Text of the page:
The anonymous candidates

This morning's Western Mail reports on the rather bizarre all-party agreement to remove the names of individual candidates from the ballot papers for the Welsh Assembly Regional top-up list. What is most disconcerting about this is that despite everybody signing up to this proposal I can not find any of the main Welsh parties who agree with it.

As Martin Shipton says, although voters will put crosses against the names of candidates contesting the 40 “first-past-the-post” constituencies as normal, regional list candidates on the second ballot paper will not be identified. Instead, voters will simply be asked to opt for the party of their choice.

Personally, I think people should be able to see on their ballot paper who they are voting for. People can then make a judgement as to whether they want a particular individual to represent them, and not having names on the ballot paper makes that more difficult.

It also puts more power in the hands of the party machines and will make it easier for people to argue that regional list AMs are of a lower status than constituency AMs because they haven’t been elected in their own right and are purely there as representatives of their party.

A Wales Office spokesperson argues that everything will be okay because the names of candidates will be displayed in polling stations. I have yet to see anybody ever read these notices. She does not say how postal voters will be kept informed.

Meanwhile, I am contemplating using the words of Plaid Cymru Assembly Member, Dai Lloyd as an endorsement on my election literature. He told the paper that "Peter Black is well known in the region and there are people who would like to vote for him because of the profile he has created."

Thanks Dai, and back at you!
Forgive an intrusion from an country, but I don't know what discussion there could now be on this. The relevant law was changed with the passing of "The National Assembly for Wales (Representation of the People) (Amendment) Order 2010". That Order was signed on 2 December 2010 and came into force on 3 December 2010.

The form of the regional ballot paper specified in that Order does not allow the inclusion of the names of the candidates in the parties' lists.
I am aware of this. That does not stop me discussing its impact and campaigning to change it for the future.
I know who is standing in Mid and West Wales on the regional list thanks to having access to Wikipedia and UK-Elect. Are you telling me that unless people know where to know, they have no idea who could become a regional Assembly member unless told by the parties? That seems bonkers!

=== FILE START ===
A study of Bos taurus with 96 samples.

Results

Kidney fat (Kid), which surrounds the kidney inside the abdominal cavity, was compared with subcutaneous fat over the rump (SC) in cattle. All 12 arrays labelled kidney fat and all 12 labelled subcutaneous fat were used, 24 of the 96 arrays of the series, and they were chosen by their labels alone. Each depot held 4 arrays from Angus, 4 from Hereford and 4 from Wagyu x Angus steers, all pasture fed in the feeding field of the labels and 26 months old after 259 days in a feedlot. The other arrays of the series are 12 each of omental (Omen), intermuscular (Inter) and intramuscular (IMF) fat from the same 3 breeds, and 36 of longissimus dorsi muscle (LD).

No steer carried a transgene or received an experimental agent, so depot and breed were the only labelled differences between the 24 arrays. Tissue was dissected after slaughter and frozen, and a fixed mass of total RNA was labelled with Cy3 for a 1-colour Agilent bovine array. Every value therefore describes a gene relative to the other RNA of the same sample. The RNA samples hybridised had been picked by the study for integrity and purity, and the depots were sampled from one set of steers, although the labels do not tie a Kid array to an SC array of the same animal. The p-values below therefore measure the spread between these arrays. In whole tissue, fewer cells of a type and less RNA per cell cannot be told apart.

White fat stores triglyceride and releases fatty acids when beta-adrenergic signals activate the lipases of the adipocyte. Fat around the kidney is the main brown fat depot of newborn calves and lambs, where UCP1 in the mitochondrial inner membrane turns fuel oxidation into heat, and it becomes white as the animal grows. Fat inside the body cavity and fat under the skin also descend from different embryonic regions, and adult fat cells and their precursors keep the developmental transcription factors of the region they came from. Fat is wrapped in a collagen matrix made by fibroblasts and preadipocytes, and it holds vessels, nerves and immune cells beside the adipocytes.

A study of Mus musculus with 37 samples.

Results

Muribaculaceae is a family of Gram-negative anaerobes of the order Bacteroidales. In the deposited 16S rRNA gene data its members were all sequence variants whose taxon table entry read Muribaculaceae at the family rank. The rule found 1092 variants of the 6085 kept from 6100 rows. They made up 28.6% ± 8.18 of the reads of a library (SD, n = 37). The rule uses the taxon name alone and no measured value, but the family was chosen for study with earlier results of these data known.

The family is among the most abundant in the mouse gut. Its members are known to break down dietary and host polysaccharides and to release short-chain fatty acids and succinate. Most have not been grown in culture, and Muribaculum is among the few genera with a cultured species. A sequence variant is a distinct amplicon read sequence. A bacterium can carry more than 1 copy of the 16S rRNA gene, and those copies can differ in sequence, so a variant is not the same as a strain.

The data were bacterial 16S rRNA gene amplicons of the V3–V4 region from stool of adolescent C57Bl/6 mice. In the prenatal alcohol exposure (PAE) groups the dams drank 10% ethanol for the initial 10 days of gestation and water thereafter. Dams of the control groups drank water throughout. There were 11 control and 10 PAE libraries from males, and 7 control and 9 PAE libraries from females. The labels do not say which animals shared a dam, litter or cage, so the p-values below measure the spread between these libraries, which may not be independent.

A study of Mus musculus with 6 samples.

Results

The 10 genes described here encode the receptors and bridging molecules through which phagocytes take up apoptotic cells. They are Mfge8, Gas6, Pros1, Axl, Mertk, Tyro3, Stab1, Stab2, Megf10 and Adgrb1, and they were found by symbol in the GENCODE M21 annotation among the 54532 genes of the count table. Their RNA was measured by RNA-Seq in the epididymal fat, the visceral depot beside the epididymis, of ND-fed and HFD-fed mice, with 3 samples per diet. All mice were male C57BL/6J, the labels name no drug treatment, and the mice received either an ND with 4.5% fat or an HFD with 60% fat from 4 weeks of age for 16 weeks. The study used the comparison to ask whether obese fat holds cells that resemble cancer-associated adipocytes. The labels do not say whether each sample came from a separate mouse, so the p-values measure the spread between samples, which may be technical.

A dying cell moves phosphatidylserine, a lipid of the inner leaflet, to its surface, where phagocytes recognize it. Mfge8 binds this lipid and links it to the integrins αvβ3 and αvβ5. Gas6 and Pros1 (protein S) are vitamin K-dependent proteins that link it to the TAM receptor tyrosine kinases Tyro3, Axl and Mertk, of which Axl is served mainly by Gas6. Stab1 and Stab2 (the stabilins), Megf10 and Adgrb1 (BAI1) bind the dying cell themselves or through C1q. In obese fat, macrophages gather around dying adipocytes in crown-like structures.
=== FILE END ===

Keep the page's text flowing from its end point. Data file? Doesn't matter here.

The real scandal is the wasted Labour vote under the regional list system. In South Wales Central ,for example, 70,799 voters in 2007 decided that they wanted to be represented by Labour regional AMs. Under the crazy system we have for electing regional AMs those votes counted for nothing. Instead the 4 regional AMs came from Plaid and the Tories who between them had less votes than Labour. In South Wales West the Labour vote was 58,347 and in South Wales East 67,998. Again Labour failed to win a regional seat. Yet if ,for example,Plaid managed to win the Rhondda and perhaps Cardiff West Labour would not be disadvantaged in terms of numbers because they would now be given two of the regional seats.For the past 3 assembly elections the real contest for who should sit as regional AMs has taken place within the mainstream political parties where the key is to gain the top spot. It was an unsustainable system before full lawmaking powers. Now it is frankly an insult to democracy that 20 politicians who will be able to directly influence the lives of their fellow citizens through law making are not directly accountable to those same citizens.
It does work as a top-up system of course Jeff, but otherwise I agree with you observations. You cannot divorce the list vote from the constituency one as they are interlinked. Full blown STV with multi-member constituencies is the only proportional and rational way to elect the Welsh Assembly.

Meanwhile, now that you have realised that a vote for Labour on the list is wasted you can consider voting tactically for teh Welsh Lib Dems so as to get me back in and keep another Tory AM out.